It's been less than a year since Quinton Dunbar switched from receiver to corner, but he feels he's already made major strides since the end of last season.
When Quinton Dunbar made the switch from wide receiver to cornerback last year in training camp, he didn't have time to learn the techniques and the complexities of his new position. Head coach Jay Gruden liked his measurables and thought they might translate to defense. So Dunbar relied on his athleticism and instincts, which, as it turned out, were enough to play considerably well in an NFL secondary.
His first season was highlighted by an interception against New York Giants quarterback Eli Manning in Week 12, which also included a pass defensed and the belief that he could make a name for himself as a defensive player.
He finished with 12 tackles and saved his best performance for the Green Bay Packers in the Wild Card playoff game, combining for five tackles and two passes defensed while only allowing 41 yards on seven receptions, according to Pro Football Focus.
It's still been less than a year since Dunbar switched to cornerback, but his first offseason at the position, let alone as an NFL player, has already made a difference in his confidence there. He says he's been more comfortable each day during OTAs and is getting a better grasp of the defense and its intricacies, knowing where his "help," the extra defenders behind and next to him, will be at all times.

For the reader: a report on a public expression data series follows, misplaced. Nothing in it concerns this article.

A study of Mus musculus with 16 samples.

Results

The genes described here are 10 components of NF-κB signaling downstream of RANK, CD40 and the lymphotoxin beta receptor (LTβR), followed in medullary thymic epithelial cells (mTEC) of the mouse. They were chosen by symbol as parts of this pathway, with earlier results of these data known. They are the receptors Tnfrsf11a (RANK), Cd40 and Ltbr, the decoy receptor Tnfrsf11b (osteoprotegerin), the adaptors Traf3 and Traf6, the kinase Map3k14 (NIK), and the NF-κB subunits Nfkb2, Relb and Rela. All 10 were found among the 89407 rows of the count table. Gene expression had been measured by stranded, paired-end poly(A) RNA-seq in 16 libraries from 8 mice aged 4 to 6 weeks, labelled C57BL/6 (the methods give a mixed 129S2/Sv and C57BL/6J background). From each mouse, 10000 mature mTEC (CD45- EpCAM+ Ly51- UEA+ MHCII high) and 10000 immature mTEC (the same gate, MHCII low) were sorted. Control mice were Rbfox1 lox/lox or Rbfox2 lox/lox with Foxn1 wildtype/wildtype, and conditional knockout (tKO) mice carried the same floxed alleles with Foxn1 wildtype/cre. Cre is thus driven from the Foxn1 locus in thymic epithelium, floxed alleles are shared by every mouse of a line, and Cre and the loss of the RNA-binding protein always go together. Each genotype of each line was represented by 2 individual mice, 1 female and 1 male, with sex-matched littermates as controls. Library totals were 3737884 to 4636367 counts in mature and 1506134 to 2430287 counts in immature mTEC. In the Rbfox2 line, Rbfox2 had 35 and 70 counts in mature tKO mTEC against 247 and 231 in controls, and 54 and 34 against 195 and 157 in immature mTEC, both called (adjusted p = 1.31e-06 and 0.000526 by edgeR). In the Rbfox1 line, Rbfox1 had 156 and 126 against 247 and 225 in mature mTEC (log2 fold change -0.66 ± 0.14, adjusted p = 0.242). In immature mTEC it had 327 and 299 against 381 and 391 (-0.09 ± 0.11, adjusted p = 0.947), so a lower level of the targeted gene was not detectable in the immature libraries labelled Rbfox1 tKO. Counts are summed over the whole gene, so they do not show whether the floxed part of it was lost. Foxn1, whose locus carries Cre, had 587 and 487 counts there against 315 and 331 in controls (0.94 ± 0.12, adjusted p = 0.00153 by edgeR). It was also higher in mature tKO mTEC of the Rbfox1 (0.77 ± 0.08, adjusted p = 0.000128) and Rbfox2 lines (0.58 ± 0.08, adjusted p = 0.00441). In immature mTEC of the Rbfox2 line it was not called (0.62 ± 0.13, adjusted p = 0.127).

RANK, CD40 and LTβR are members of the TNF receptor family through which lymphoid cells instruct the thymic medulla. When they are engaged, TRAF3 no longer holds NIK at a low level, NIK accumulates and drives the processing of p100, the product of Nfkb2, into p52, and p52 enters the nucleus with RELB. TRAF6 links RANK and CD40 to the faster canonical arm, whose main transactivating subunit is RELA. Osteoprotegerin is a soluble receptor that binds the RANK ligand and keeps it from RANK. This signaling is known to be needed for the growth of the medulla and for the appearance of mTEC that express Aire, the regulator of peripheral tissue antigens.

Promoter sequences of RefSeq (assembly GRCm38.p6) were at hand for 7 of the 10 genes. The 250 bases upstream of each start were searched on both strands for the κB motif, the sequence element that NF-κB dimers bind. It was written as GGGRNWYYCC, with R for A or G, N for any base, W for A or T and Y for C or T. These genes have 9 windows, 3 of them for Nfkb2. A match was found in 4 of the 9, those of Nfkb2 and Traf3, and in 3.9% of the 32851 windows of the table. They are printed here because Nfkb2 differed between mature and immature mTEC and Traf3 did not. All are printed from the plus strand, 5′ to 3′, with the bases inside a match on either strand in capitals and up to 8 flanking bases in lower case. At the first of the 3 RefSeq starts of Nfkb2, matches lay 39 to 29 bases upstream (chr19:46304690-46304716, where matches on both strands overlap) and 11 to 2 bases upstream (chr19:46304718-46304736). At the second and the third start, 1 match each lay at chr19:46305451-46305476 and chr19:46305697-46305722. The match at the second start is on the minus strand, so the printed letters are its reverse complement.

"I'd say the main difference from last year was I was really just going out there competing and I just wanted to play man," Dunbar said. "Now, I don't mind playing man or zone because I feel like I'm getting better in each one of them."
That Josh Norman is now with the team has only helped Dunbar's learning process. He's not afraid to ask him questions and pick his brain, knowing that when an elite corner offers insight, it's wise to take it.
"I've got no choice but to gravitate to him," Dunbar said. "He plays left corner and I play right behind him at the left corner spot. So I definitely watch his every move and ask him why he does this and does things like that."
But learning can be found from just about every cornerback. Rookie Kendall Fuller might be new to the NFL, but not at his position. Dunbar has no problem asking someone younger, but more experienced, about the nuances of cornerback, and he reciprocates with anything he can provide.
So far, Dunbar doesn't put much stock into the fact that he's looked sharp on the field, which included a couple interceptions during the first week of OTAs. Everything is a process, taking his skills and mentality as a wide receiver and using them to his advantage on the opposite side of the ball.
"The thing about Quinton is he really worked at it and he listened to what you said and took what you said to heart and he worked every day at his craft," defensive backs coach Perry Fewell said in March. "And if you have a player that has talent and has a skillset that works at his craft, he'll get better and better."
"I've got confidence in myself and my abilities," Dunbar said. "I know what I can do. I know I come out here and compete every day. The picks are just a bonus from all the hard work and what I do."